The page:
November 5, 2013 |
Clinical depression is now the second-leading cause of global disability, according to new research, with the highest rates of incidence affecting working-age adults and women more than men. In a paper published Tuesday in the journal Plos Medicine, researchers found that depressive disorders were second only to lower respiratory infections when it came to inflicting the most years of disability on people throughout the world. Rates of depression were highest in Afghanistan and lowest in Japan, while the condition ranked as the top cause of disability in Central America and Central and Southeast Asia.
CALIFORNIA | LOCAL
March 23, 1998
Re Lorenzo W. Milam's commentary, "What's It Like to Be Disabled? You'll Know Someday," March 16: I thought this was one of the best descriptions of what it is like to be a person with a disability. I had a stroke three years ago at the age of 42, have permanent weakness on my right side and need a cane to walk long distances and have limited use of my arm and hand. I agree that it doesn't do any good to tell the able-bodied majority what it is like to have a disability because they really don't care.
January 29, 2012 |
Question: For several years I have been undergoing psychotherapy for a nervous illness, which has now been diagnosed as a general anxiety disorder. I live at an apartment complex that does not allow pets, but my psychiatrist has recently urged me to get a companion animal, which she thinks would give me a positive relationship that would alleviate my anxiety. A friend helped me find a very nice cocker spaniel puppy that was up for adoption. I asked my community manager to allow me to adopt this dog and bring him to live with me. The manager refused, telling me that he was only obligated to allow a service animal such as a guide dog. He said he did not have to accommodate a pet that merely kept me company.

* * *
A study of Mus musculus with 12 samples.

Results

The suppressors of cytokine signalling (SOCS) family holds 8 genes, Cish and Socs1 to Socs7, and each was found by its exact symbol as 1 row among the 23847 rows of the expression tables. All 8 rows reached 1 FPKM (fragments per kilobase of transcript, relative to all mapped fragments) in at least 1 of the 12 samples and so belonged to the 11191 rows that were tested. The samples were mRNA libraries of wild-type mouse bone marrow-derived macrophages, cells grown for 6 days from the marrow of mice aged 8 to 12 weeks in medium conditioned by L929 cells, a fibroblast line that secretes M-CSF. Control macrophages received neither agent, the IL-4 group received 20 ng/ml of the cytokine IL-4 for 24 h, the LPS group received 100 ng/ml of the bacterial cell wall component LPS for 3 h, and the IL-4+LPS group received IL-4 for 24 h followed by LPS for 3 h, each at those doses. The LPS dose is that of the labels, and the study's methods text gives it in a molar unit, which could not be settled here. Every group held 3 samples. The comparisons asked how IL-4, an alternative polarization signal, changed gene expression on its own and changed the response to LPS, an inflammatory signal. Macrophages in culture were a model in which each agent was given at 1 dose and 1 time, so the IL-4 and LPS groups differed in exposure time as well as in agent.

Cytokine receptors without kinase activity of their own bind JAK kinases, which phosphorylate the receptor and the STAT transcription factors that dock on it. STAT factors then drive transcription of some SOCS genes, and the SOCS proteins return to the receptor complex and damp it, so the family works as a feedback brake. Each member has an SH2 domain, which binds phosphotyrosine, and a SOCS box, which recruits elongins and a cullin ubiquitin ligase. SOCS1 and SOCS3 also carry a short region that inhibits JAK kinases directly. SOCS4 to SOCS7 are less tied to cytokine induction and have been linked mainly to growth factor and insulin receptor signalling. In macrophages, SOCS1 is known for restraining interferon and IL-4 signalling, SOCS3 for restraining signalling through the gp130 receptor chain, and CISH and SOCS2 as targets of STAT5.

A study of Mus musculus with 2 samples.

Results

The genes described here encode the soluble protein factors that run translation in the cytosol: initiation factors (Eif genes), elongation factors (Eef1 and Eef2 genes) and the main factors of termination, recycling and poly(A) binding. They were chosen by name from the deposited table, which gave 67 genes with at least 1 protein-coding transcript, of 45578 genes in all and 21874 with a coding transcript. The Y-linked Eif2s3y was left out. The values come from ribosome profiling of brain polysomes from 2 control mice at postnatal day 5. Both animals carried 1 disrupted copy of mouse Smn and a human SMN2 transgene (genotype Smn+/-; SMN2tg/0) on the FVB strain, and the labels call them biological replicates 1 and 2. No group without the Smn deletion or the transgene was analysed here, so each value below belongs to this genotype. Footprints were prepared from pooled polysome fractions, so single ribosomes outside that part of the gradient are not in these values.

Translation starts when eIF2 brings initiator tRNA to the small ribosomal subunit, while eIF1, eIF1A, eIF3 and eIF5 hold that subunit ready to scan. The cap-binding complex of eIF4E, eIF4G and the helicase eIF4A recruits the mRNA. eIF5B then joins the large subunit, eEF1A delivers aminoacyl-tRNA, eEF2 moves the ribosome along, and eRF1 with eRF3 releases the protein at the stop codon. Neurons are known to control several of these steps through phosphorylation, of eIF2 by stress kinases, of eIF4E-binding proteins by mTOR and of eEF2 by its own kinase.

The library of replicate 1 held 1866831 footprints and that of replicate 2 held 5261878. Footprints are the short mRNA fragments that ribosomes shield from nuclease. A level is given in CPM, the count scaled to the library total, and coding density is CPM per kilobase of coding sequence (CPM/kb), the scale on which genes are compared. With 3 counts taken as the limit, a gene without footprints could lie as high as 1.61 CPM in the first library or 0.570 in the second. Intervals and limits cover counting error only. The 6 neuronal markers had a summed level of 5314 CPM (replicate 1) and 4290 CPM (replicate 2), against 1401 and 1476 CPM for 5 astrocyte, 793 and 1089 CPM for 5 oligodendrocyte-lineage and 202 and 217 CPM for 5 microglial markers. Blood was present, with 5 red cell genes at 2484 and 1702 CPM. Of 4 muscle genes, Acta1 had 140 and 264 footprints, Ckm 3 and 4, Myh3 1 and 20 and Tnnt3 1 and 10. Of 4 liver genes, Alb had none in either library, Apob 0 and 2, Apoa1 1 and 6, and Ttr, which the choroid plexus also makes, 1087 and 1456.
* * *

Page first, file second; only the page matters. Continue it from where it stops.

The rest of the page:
August 22, 2012 |
Is the Social Security disability system falling prey to more fraud amid today's weak economy than in the past? A new report by a Wall Street analyst argues that it is. The number of people collecting disability payments is climbing at an “unprecedented and alarming rate” even though workplace safety is “constantly improving,” according to the analysis by Jack Ablin, chief investment officer at Harris Private Bank. "There are people out there that truly want to work but are too sick or injured to do so,” Ablin writes.
October 10, 2013 |
A spirited, empathetic attempt to turn a legacy of educational shame into a call for understanding and action, Harvey Hubbell V's documentary, "Dislecksia: The Movie," has a necessary charge to it, but also a distractingly goofy side. If you only think of dyslexia as the "rearranging letters" condition - like some quirky trait - Hubbell, himself dyslexic, is quick to communicate how debilitating a reading disability can be to a child who isn't progressing at the rate of his or her peers and who isn't given the tools to manage it. "They gave me a diploma," Hubbell says at one point about his own fraught experiences growing up, "but they didn't give me the skills to fill out a job application.
January 27, 2012 |
The U.S. Department of Transportation fined Florida-based Spirit Airlines $100,000 Friday for failing to appropriately keep track of and respond to complaints about its treatment of passengers with disabilities. Under federal rules, airlines must sort, categorize and respond in writing to all complaints regarding the treatment of passengers with disabilities. “Our rules on how airlines handle disability-related complaints are designed to help us ensure that passengers with disabilities are treated fairly when they fly,” said U.S. Transportation Secretary Ray LaHood.